Thompson Campaign Collapsing Before it Starts?
Fred Thompson’s once promising bid for the Republican nomination is starting to fall apart even though it hasn’t officially started, AP’s Liz Sidoti argues.
Thompson has had difficulty on all three fronts in recent weeks:
– Sidelined his campaign-manager-in-waiting and watched a few other aides flee what Republican critics and allies alike describe as a woefully muddled organization in which Thompson’s wife, Jeri, has extraordinary control. Other staffers are considering leaving as well, seemingly frustrated with the lack of direction.
– Reported collecting nearly $3.5 million in his first fundraising month, surpassing comparable totals of some likely rivals but lagging his backers’ original $5 million goal. GOP officials say subsequent fundraising has fallen off some, which could indicate soft support for Thompson or reflect the traditionally slow summer.
– Fumbled questions about his past lobbying and his current policy positions. He was dogged for weeks by his conflicting answers about whether he lobbied in 1991 for a family planning group. Now, he is under fire for reportedly saying he would sign legislation replacing all federal taxes with a sales tax, only to have his spokeswoman deny such a pledge.
The difficulties appear to be lending credence to months-long skepticism about Thompson’s hunger for the quest, including whether he is ready for the rough-and-tumble of a presidential campaign and committed to doing the work necessary.
Late to the game compared to major rivals Rudy Giuliani, Mitt Romney and John McCain, Thompson toyed with the idea of running throughout the spring but only made his intentions clear in early June when he established the “Friends of Fred Thompson, Inc.,” committee to “test the waters” of a presidential bid.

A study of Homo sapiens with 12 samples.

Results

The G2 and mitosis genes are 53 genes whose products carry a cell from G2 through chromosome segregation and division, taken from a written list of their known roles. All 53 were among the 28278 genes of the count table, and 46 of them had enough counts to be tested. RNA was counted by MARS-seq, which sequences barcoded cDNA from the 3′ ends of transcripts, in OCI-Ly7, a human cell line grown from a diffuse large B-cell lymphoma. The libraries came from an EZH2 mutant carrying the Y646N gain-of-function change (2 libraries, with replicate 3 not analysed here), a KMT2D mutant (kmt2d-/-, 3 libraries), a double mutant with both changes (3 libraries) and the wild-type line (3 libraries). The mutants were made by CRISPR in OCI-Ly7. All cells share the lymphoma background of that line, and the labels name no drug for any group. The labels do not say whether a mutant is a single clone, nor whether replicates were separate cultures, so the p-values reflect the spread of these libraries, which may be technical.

He spent the past few months setting up headquarters in Nashville and northern Virginia, hiring a few dozen staffers, giving a few speeches and raising money.
All the while, his supporters have enthusiastically portrayed him as nothing short of the second coming of conservative icon Ronald Reagan. They pumped him up as the Republican who can rally the party’s right-leaning establishment and upend the Democratic nominee in the general election.
The expectations for Thompson indeed are high — perhaps too high. If the past few weeks are any indication, he runs a significant risk of failing to meet them.
The high expectations are indeed a major problem for Thompson, who looks like he’s failing even though he’s raising more money and polling better than all of his rivals save Giuliani. Still, Sidoti is right that the campaign has hit a rough patch.
Thompson’s main appeal, as best I can figure, is that he gives the appearance of being a Reagan-style conservative who knows what he’s doing. His poor handling of the “lobbying for an abortion group” brouhaha and his inability to manage a nascent staff undermines both perceptions.